Kotowska, M1; Albrecht, P1; Szajewska, H1

Journal of Pediatric Gastroenterology and Nutrition: May 2005 - Volume 40 - Issue 5 - p 626
Abstracts: 38th Annual Meeting of the European Society for Pediatric Gastroentrology, Hepatology and Nutrition: Porto, Portugal, June 1-4, 2005

1Dept of Paediatric Gastroenterology & Nutrition, The Medical Univ of Warsaw, Warsaw, Poland.


Co-treatment with Saccharomyces boulardii appears to lower the risk of antibiotic-associated diarrhea (AAD) in adults receiving broad-spectrum antibiotics. However, it is unclear whether similar benefits occur in children, as the only published trial involving children was neither randomized nor blinded. Furthermore, conflicting data about the effects of another probiotic, Lactobacillus rhamnosus GG, suggest a different response in adult and pediatric populations, and that results observed in one population cannot be simply extrapolated to the other.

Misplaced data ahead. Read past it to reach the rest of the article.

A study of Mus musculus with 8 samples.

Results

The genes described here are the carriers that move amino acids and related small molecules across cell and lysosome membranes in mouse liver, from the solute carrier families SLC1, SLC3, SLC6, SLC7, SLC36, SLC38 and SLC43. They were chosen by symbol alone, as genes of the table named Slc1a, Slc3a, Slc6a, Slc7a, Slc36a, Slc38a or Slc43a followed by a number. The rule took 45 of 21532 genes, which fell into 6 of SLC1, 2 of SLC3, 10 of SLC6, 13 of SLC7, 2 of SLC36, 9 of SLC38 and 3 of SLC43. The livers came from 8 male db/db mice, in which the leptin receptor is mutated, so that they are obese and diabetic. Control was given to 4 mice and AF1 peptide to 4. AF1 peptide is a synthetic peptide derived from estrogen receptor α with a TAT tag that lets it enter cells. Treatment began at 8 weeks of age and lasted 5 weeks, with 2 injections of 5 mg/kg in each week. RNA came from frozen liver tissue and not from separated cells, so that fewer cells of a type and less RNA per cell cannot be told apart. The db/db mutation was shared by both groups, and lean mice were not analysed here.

To determine if Saccharomyces boulardii prevents AAD in children.


269 children (age: 6 mo to 14 years) with otitis media and/or respiratory tract infections were enrolled in a double-blind, randomized placebo-controlled trial in which they received standard antibiotic treatment plus 250 mg of S boulardii (experimental group, n = 132) or a placebo (control group, n = 137) orally twice daily for the duration of antibiotic treatment. Analyses were based on allocated treatment and included data from 246 children.


Patients receiving S boulardii had a lower prevalence of diarrhea (≥3 loose or watery stools/day for ≥48 hours occurring during or up to 2 weeks after the antibiotic therapy) than those receiving placebo (9/119 [7.5%] vs. 29/127 [23%], relative risk, RR: 0.3, 95% confidence interval, CI: 0.2-0.7). S boulardii also reduced the risk of AAD (diarrhea caused by C difficile or otherwise unexplained diarrhea) compared with placebo (4/119 [3.4%] vs. 22/127 [17.3%], RR: 0.2; 95% CI: 0.07-0.5). No adverse events were observed.


This is the first RCT evidence that S boulardii effectively reduces the risk of AAD in children.

© 2005 Lippincott Williams & Wilkins, Inc.